New Church Planting Book: Comprehensive Yet Contemporary
- Saturday, December 20, 2003
A comprehensive new book on church planting provides not only the nuts and bolts of starting new churches in a variety of settings, but also a basic foundation for why new churches should be central to any evangelism plan.
The book, Planting New Churches in a Postmodern Age, was written by Ed Stetzer, a North American Mission Board church planting specialist. Released this summer through Broadman & Holman, the publishing arm of LifeWay Christian Resources of the Southern Baptist Convention, it is already in its second printing and exceeding sales projections. Several denominations and seminaries have adopted the book as required texts for their church planters, and the North American Mission Board provides copies to individuals who are considering becoming a church planter.
"The book is really a book about how to plant a church, and in the process it analyzes certain contexts in which you would plant a church," Stetzer said. "We all live in a postmodern age, and so it's about planting baby boomer churches, African American churches, ethnic churches -- and churches that reach postmoderns."
Stetzer draws on his own experience in starting several successful churches, formal and informal research of church planters, as well as a Ph.D. in missiology.
"What I try to bring to the book is the nuts and bolts of church planting, but also a missiological eye on analyzing church culture and developing strategies to reach those cultures," he said.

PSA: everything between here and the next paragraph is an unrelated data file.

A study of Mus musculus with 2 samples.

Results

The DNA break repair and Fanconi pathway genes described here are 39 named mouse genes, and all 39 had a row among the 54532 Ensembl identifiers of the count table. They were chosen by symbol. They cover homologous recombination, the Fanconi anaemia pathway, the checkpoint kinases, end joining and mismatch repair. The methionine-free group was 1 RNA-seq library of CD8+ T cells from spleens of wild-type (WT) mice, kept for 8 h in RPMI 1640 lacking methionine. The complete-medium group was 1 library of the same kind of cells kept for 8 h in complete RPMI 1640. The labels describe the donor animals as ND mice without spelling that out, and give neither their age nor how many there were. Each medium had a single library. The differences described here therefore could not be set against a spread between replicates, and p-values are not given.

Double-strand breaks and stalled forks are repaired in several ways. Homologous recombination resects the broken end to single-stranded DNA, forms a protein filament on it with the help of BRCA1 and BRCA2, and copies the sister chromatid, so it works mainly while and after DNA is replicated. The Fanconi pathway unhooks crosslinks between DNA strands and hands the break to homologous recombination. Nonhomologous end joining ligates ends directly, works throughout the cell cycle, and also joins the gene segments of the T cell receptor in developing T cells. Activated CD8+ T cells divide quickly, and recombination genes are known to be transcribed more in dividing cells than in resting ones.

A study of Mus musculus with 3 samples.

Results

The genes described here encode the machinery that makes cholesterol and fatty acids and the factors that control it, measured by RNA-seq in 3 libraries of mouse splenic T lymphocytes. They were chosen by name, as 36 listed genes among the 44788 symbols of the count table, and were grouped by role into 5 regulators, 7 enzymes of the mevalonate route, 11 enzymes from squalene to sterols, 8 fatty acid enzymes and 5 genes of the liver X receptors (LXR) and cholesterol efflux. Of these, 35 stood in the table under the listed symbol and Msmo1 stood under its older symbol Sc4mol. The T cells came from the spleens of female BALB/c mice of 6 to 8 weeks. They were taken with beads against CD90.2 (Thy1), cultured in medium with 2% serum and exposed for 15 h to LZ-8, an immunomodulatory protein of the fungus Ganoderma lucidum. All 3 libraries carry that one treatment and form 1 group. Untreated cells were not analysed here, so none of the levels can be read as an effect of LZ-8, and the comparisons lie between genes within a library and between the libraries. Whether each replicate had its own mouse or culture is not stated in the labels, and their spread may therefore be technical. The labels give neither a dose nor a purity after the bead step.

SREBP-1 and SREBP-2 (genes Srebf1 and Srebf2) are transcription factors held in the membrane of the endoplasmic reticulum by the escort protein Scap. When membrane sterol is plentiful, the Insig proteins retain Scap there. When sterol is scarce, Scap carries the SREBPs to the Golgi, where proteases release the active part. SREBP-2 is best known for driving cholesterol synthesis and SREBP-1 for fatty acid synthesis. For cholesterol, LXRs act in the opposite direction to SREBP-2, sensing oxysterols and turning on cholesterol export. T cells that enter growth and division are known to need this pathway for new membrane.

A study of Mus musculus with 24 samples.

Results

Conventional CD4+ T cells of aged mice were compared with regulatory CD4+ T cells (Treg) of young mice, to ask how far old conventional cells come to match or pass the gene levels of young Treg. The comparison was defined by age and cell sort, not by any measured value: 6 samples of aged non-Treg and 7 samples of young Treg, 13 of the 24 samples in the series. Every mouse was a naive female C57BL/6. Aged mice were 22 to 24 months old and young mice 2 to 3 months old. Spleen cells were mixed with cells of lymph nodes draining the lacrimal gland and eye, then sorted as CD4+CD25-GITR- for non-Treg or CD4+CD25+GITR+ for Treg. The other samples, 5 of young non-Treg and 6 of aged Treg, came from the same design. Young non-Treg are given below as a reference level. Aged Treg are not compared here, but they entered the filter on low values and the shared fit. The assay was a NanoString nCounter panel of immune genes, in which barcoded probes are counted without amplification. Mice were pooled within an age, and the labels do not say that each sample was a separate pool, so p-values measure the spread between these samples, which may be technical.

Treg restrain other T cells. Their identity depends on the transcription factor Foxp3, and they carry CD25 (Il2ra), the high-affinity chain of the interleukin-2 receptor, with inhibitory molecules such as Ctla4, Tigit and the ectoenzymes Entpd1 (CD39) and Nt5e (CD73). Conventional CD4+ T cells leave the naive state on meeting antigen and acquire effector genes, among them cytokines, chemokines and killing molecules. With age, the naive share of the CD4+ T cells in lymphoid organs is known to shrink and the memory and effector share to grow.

One strong theme is the importance of building "missional" churches, congregations organized with the intent of reaching those in the culture surrounding them -- not just other people like themselves. The alternative becomes like many of the Southern Baptist congregations planted in the North and West during the 1950s and '60s, which mostly attracted transplanted Southern Baptists, Stetzer said.
"It's easier to be a mission-minded church than a missional church because a missional church has to engage the context in which it lives, the water in which its people swim," he said. "That culture has been radically transformed in the last three decades ... and yet most of our churches look the same as they did, with minor adjustments. We can't just willy-nilly adopt the values and norms of the culture, but at the same we can't reach the people of the new millennium with the methods the '50s."
As suggested by the title, the book also deals with a pervasive postmodern mindset that all new churches must address in some form, Stetzer said. "The answer to planting a church in today's world is not returning to old methods, it is returning to biblical teaching. We just present what Jude called 'the faith once delivered' in a new cultural context. It's the same thing missionaries have been doing in the rest of the world. Now, we live in a mission field and we need to present solid biblical truth in this changing culture."
Stetzer explores the biblical foundations and cultural issues in detail, but he also covers such step-by-step details as developing a core group, starting small groups and selecting locations for worship space.
"I wrote this book because it pained me to see so many church planters get out on the field and not be able to connect to the culture and to plant a biblically faithful church," he said. "The book is certainly not the answer to all those problems, but I do hope that it will help."